Eileen Sommi, an encouraging friend and wonderful writer, recently composed a month-long devotional specifically for our church body. I’m running a little behind (okay, more like sixteen days behind), but for good reason, I think: I’m stuck on a question from Day One. It is turning out to be a very important question.
The entry is based on the account of Moses sending a dozen leaders to scope out Canaan, a land God has already vowed that Moses and his followers will inhabit. You’ve heard of it I’m sure: the Promised Land. (Scary/funny sidebar: I’m baffled by how it is that in over four decades I’ve managed to completely miss the significance of that title. Go figure.)
It’s strange enough that God’s people can’t simply waltz in and take possession of what they’ve been promised. For some reason, though, they'll have to fight for it. And, according to the leaders who report back to Moses and the others, it’s going to be quite the battle. If I were the Israelites, I’d be a little thrown off.
I was already struggling to make sense of that little peculiarity before I got to the questions for reflection. The very first one brought me to a complete halt.
What has God promised you?
After thinking a few minutes, I couldn't come up with much of anything. It didn’t take me long to slam into something not-so-great about my faith.
I don’t really know specific things God has promised me. And if I’m honest, I’m pretty sure I don’t want to know.
Because I’m not so keen on allowing myself to grab hold of the kind of hope required to believe God will do something specific and good in my life. That kind of hope—the kind Caleb had when he told the Israelites they could beat those giants—has brought me way too much confusion and disappointment.
I’m not sure I’m all that interested in going there.
Now, let me be quick to add that I’m great with claiming God’s general good-and-trustworthy-ness for me. Giving God room to do whatever He wants without keeping me in the know . . . I’m good with that.
But don’t get detailed on me. Don’t ask me to name specific things He’s going to do. Don’t ask me to anticipate living in the Promised Land. Because what if it doesn’t happen? What if I never make it? What if it doesn’t exist? What if I misunderstood?
I’m just not up for that kind of disappointment.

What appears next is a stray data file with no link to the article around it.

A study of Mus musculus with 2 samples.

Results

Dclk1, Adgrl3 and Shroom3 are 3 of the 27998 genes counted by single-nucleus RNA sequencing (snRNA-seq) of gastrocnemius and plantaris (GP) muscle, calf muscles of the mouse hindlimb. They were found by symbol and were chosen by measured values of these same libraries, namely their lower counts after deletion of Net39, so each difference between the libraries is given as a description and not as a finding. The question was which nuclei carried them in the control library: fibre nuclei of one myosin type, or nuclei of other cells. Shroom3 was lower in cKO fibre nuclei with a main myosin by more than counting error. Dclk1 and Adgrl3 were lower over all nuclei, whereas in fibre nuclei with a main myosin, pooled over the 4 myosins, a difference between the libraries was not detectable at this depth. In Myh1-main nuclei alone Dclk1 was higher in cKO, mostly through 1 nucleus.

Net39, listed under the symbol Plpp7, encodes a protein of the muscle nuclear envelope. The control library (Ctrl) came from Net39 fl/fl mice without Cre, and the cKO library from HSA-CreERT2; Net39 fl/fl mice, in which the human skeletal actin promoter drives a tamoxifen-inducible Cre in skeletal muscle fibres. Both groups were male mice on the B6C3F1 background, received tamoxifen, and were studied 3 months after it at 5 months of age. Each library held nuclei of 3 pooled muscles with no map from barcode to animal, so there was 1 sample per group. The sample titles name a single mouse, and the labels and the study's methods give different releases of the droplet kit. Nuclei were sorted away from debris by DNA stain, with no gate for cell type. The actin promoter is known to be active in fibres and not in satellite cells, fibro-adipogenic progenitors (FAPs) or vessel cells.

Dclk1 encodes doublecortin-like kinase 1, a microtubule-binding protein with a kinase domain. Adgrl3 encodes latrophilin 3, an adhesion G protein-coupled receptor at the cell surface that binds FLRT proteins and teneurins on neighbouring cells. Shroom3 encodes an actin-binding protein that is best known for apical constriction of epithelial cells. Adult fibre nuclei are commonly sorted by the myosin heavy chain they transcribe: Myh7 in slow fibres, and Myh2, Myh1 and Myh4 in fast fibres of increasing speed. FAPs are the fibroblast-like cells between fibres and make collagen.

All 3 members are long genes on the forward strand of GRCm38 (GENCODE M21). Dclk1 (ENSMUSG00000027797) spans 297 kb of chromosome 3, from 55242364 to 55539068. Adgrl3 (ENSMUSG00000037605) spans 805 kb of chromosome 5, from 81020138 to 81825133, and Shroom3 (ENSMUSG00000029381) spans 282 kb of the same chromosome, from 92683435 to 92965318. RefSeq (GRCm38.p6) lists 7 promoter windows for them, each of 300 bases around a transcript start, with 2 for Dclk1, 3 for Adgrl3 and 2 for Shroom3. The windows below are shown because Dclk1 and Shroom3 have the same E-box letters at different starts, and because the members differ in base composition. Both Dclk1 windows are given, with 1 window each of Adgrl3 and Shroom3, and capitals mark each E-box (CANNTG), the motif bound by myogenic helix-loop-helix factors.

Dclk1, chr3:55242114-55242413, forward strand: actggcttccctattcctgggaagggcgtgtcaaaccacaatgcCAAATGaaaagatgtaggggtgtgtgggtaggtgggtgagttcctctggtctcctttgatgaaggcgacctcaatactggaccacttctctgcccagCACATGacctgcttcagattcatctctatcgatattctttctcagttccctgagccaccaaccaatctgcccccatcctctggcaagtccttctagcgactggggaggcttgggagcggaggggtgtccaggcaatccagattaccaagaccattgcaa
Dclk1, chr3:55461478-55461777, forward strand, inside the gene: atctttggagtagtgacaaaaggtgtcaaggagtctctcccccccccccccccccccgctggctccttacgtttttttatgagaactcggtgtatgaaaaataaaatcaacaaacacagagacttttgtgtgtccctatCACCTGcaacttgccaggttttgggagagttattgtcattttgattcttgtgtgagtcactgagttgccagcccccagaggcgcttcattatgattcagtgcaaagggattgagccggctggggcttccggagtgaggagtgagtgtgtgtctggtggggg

I’d like to think this is because I trust Him so wholeheartedly. But that’s not the whole truth.
I’m not always willing to look for specific God-promises because I cannot bear the disappointment that comes when those hopes don’t come to pass. Letting my heart attach itself to such possibilities means opening myself up to a kind of pain I don’t do well with.
Yet God does often promise His followers specific blessings: He promised Abraham and Sarah a miracle-baby; He promised Joseph that his mean old brothers would bow down to him; He promised Israelites that their very difficult sojourn would end in a land of milk and honey. A specific place. He wanted them to bank on it, and they did.
They allowed themselves to envision the land.
They travelled for years and miles to get there.
They fought for it.
And all the time, they allowed themselves to trust that His promise would come to fruition.
Which means I might want to do the same.
Which is why the question in Day One stopped me in my tracks.
So I continuing to ponder (yes, hesitantly) the question from Day One: What is it that God has promised? Perhaps to others, but also to me? Do I trust myself to be able to hear Him accurately? Am I willing to envision specific future-blessings for my spouse, my family, my students, myself? Will I un-guard my heart enough to let it long for the Promised Land He has for me? Am I willing to a fight for it? Can I refuse relenting to the confusion that comes with struggling along the way?
These are questions I hope to answer.
And these are questions that I have for you: Are there specific hopes God has given you? How did you come to understand them as His promises? Have you had to fight for them? What are you doing to sustain your hope?